The Space Sciences Laboratory
2017 Robert P. Lin Graduate Fellowship
The Lin Fellowship was established in 2012 with gifts from the family of Professor Robert Lin. It is used to support outstanding UC Berkeley graduate students who pursue research related to space sciences. Three Lin Fellows were selected for 2017, and they are being funded to carry out research during the summer. They are:
Chris Möckel: “Experience without theory is blind, but theory without experience is mere intellectual play.” The origin of this quote might be disputed, but certainly not its meaning. After a theory-‐focused study in the Netherlands and two years of research in the field of planetary science, I realized that I was missing some crucial understanding of how instruments function. I have always been a “learning-‐by-‐doing” person, and by being part of an effort to build an instrument, I hope I will manage to fill the gap between
theory and experience. The Robert Lin fellowship allows me to work on the CURIE CubeSats, which are currently designed at the Space Science Laboratory. The CubeSat philosophy is based on the idea of short design cycles so that as a student I can witness and contribute to the full life cycle of the mission, gathering the desired experience on the way.
Aashrita Mangu: Aashrita completed her bachelor’s degree in electrical engineering in 2016 from Caltech where she also gained experience working on ultrafast photodevices and machine learning applications in experimental high energy physics. She is entering the UCB Physics Ph.D. program in the fall. As a Lin Fellow, she will be working with Prof. Adrian Lee on the LiteBIRD project, which is a proposed satellite instrument for studying the cosmic microwave background.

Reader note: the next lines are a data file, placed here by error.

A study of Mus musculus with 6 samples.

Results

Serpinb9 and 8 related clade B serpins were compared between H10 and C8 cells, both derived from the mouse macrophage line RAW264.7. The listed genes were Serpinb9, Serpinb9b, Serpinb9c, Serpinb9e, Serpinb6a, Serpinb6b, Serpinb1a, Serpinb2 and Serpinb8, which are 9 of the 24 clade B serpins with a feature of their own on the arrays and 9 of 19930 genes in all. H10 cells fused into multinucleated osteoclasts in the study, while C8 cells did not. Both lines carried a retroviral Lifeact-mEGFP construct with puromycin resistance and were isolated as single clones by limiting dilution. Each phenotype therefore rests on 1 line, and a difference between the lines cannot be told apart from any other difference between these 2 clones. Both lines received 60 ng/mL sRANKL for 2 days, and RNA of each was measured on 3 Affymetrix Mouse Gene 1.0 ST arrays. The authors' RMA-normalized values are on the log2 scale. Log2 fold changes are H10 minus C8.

Steven Lee: Steven comes to Berkeley from CUNY-‐Brooklyn College where he obtained a bachelor’s degree in Physics and Mathematics. He is an entering UCB Physics Ph.D. candidate. His Lin Fellowship project involves work on the Gamma-‐Ray Imager/Polarimeter for Solar Flares (GRIPS) balloon borne instrument. GRIPS has been developed at the Space Sciences Laboratory, and it had a balloon flight from Antarctica in 2016. The instrument is back at SSL, and Steven will be testing it after its long trip to the ice and back.